You might have seen the blogosphere and the Twitterati starting to chirp about this one. My home state of New Jersey is trying to regulate it. I’m talking about the increasing number of employment ads that make it clear that all applicants must currently have a job. In other words, if you are unemployed, don’t even bother applying. People might have many different reactions to this, based on whether it is unfair to the applicant. I’ll let others orate about that. I have a different message for you. If you are an employer, don’t do this, because it is dumb. Dumb for you.

I know what the argument is: People who lose their jobs might be lesser candidates than folks who have remained employed. That is certainly possible, but it’s also possible that the people with jobs have played it safe more than those who are out. It’s also possible that those who are looking left jobs voluntarily, or had to move when their spouse had to relocate, or…you get the idea. There are a lot of reasons that people are out of work. I know someone who just quit her job because her mom has cancer and needs her to move back home. Now you wouldn’t want HER on your team, right? You need someone with more loyalty to her job, I guess.

Maybe you are getting the idea. Now, well-meaning legislators are feverishly working to pass laws outlawing such wording in ads. Sorry to be cynical, but that won’t help at all. Anyone brazen enough to write those words in an ad will happily remove them to comply with the law, but still won’t actually hire anyone who is out of work. And it’s not easy to legislate THAT. It isn’t the law that is the problem. It’s misguided thinking.

No, this isn’t a problem the government can solve. It’s a problem that only us business folks can solve. And that starts with you.

You should be going out of your way to interview people who are out of work. Here’s why: Anytime your competitors are doing something irrational, it creates an advantage for you to remain rational.

Early in my career, despite the fact that it was illegal, many hiring managers were discriminating against African-Americans, other ethic minorities, and women job applicants. I couldn’t prove it, but I just noticed who they hired and I noticed who I was able to hire. There were times that I had very diverse teams, because I was trying (as best I could) to hire the best person for each job. And those people stuck with me through thick and thin, which was another advantage for me.

Think about it: Suppose you decided you weren’t going to hire anyone with blue eyes. Or people shorter than five foot seven. Or people from Canada. Or any other single criteria, no matter what argument you can make to justify it. When you veto people based on one thing, you have automatically guaranteed that you aren’t getting the best people, because one of those “best people” is bound to have the exact quality that you vetoed.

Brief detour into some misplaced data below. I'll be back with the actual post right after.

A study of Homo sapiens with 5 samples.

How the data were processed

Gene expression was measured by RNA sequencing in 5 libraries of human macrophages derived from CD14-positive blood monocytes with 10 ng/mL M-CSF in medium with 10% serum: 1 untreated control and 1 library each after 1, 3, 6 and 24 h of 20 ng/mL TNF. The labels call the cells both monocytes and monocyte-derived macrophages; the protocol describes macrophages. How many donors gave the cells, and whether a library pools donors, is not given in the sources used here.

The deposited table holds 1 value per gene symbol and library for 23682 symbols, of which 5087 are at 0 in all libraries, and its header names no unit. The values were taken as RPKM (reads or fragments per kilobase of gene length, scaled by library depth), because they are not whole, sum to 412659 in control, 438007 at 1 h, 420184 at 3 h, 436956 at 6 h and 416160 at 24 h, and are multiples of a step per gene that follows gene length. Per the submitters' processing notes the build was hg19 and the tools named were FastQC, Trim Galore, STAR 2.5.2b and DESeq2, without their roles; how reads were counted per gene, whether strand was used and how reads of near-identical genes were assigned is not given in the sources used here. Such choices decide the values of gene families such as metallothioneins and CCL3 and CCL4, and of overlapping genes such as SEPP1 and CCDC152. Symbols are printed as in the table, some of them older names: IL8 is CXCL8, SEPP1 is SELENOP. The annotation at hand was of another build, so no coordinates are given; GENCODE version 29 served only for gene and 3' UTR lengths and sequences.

Cooking up these kinds of arbitrary criteria can seem smart, especially because they lighten your decision process workload. But it doesn’t actually make the decision you make a better one. To get the best people, you need to sentence yourself to looking at the whole person, not just a process that crosses out names based on a list of requirements.

And a funny thing happened to me when I did that. I ended up with a series of very high-performing teams, loyal teams, teams of people who delivered the great majority of the time under difficult circumstances.

You can do the same thing. Anytime you see an irrational trend, buck it. You will be better off than your competitors who follow it.


Mike Moran is an expert in digital marketing, search technology, social media, text analytics, web personalization, and web metrics, who, as a Certified Speaking Professional, regularly makes speaking appearances. Mike’s previous appearances include keynote speaking appearances worldwide. Mike serves as a senior strategist for Converseon, an AI powered consumer intelligence technology and consulting firm. He is also a senior strategist for SoloSegment, a marketing automation software solutions and services firm. Mike also serves as a member of the Board of Directors of SEMPO. Mike spent 30 years at IBM, rising to Distinguished Engineer, an executive-level technical position. Mike held various roles in his IBM career, including eight years at IBM’s customer-facing website, ibm.com, most recently as the Manager of ibm.com Web Experience, where he led 65 information architects, web designers, webmasters, programmers, and technical architects around the world. Mike's newest book is Outside-In Marketing with world-renowned author James Mathewson. He is co-author of the best-selling Search Engine Marketing, Inc. (with fellow search marketing expert Bill Hunt), now in its Third Edition. Mike is also the author of the acclaimed internet marketing book, Do It Wrong Quickly: How the Web Changes the Old Marketing Rules, named one of best business books of 2007 by the Miami Herald. Mike founded and writes for Biznology® and writes regularly for other blogs. In addition to Mike’s broad technical background, he holds an Advanced Certificate in Market Management Practice from the Royal UK Charter Institute of Marketing and is a Visiting Lecturer at the University of Virginia’s Darden School of Business. He also teaches at Rutgers Business School. He is a Senior Fellow at the Society for New Communications Research. Mike worked at ibm.com from 1998 through 2006, pioneering IBM’s successful search marketing program. IBM’s website of over two million pages was a classic “big company” website that has traditionally been difficult to optimize for search marketing. Mike, working with Bill Hunt, developed a strategy for search engine marketing that works for any business, large or small. Moran and Hunt spearheaded IBM’s content improvement that has resulted in dramatic gains in traffic from Google and other internet portals.